Medical Training and Qualifications
Basic medical training
In Australia basic medical training at university is 5 or 6 years in duration. It usually begins with pre-clinical years where exposure to patients is limited. During this time junior medical students will learn about the normal functioning of the human body as well as the many conditions that can affect it. The clinical years involve students seeing patients with all sorts of illnesses and learning communication skills, examination skills, treatment options. Teaching generally involves a mixture of lectures, group discussions, hospital based work with specialist doctors and patients, community GP work and a large amount of self-directed learning. The teaching method is rapidly evolving and currently problem based learning techniques are popular. Examinations, both written and clinical are taken every year to ensure that students have an adequate understanding of what they are meant to have learned.
After completing medical school new doctors are not allowed to practice independently. They undertake a year of closely supervised training usually in a number of areas including general medicine, emergency medicine and general surgery. The specialists they work for as well as the other more senior trainees carefully help the junior doctor through this apprenticeship-like year.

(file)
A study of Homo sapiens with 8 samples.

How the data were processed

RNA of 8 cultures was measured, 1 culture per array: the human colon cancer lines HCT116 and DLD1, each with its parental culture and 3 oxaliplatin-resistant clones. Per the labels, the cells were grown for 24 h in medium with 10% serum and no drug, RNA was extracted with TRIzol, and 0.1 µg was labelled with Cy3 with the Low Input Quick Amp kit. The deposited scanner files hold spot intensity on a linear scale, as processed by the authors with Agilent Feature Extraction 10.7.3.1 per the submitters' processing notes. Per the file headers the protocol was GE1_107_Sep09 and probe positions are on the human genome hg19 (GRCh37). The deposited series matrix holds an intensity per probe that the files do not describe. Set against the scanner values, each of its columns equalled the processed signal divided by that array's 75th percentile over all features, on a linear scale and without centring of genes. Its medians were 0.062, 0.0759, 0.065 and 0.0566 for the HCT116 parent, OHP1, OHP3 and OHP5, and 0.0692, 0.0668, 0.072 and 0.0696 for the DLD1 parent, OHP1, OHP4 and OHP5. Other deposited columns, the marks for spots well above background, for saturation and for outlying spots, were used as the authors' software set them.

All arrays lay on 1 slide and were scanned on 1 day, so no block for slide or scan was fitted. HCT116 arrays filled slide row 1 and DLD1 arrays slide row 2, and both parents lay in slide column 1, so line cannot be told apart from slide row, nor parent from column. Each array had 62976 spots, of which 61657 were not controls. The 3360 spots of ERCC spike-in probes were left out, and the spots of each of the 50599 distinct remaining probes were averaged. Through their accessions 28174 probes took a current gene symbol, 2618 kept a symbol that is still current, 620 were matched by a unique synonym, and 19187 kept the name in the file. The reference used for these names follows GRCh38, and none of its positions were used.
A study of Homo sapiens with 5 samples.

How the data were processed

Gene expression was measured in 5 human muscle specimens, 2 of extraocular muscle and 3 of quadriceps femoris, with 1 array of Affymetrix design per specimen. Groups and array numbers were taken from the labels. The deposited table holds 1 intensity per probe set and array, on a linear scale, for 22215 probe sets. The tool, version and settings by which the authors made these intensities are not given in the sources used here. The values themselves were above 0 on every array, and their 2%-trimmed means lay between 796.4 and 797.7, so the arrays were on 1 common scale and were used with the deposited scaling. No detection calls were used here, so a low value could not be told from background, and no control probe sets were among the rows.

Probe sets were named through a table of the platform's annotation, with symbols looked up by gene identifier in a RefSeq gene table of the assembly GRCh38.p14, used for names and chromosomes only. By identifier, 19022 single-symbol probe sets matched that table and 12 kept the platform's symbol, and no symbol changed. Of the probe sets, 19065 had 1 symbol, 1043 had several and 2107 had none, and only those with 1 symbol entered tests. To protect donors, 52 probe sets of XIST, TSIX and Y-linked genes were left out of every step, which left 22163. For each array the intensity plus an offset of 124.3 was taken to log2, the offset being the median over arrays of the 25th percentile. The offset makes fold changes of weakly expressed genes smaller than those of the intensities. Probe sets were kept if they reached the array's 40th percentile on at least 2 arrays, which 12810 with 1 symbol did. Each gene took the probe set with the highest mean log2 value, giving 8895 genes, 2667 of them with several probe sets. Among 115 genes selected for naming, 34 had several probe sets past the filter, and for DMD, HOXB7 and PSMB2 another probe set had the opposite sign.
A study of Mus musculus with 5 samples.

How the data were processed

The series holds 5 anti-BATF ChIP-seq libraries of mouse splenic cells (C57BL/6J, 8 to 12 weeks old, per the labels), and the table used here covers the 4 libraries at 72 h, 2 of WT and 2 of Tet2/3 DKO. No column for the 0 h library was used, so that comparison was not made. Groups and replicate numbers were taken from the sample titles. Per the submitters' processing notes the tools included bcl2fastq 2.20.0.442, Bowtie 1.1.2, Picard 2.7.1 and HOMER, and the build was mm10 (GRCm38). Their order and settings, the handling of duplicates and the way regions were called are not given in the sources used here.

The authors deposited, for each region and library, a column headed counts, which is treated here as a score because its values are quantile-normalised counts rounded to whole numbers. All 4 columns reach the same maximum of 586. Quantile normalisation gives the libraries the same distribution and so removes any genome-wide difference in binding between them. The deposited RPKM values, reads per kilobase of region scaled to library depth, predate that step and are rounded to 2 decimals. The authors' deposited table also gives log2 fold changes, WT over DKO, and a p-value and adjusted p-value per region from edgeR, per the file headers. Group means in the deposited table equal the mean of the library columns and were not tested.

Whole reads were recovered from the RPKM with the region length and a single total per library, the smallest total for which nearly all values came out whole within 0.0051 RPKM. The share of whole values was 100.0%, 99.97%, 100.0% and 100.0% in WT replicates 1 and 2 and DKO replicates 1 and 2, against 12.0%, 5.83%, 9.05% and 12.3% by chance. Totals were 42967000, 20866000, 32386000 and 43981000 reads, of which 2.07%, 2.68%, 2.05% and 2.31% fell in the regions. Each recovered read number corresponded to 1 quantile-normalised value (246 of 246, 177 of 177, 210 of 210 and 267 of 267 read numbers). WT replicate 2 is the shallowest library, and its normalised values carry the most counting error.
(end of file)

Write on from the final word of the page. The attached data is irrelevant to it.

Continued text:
After successful completion of the intern year doctors proceed to residency. Between one and three years is spent working in hospitals developing areas of interest prior to embarking on specialist training. Residents usually work as part of a team in the hospital and will be supervised by a registrar (specialist in training) and a consultant in whatever specialty they are working in at the time. They will be given more responsibility than interns and will perform some invasive procedures under supervision.
Training to become a specialist in any field of medicine takes longer than an entire school career, averaging about 13 years! Having completed 6 years of university, a year of internship and several years of residency a doctor may apply for specialty training in any desired field. They usually have to pass initial examinations and then if successful compete with many other young doctors for limited specialist training positions. Three to seven (average 5) years of specialty training follows. Trainees work under the supervision of a consultant / specialist in that speciality field. The period of specialty training may end with a fellowship examination although in many specialties rather than a final examination ongoing assessment and review throughout training is used to provide feedback and quality assurance for that trainee’s performance. Research is often mandatory in the specialty training period. Only having successfully completed all this training can a doctor practice independently as a medical specialist.
This article is for informational purposes only and should not be taken as medical advice. If in doubt, HealthEngine recommends consulting with a registered health practitioner.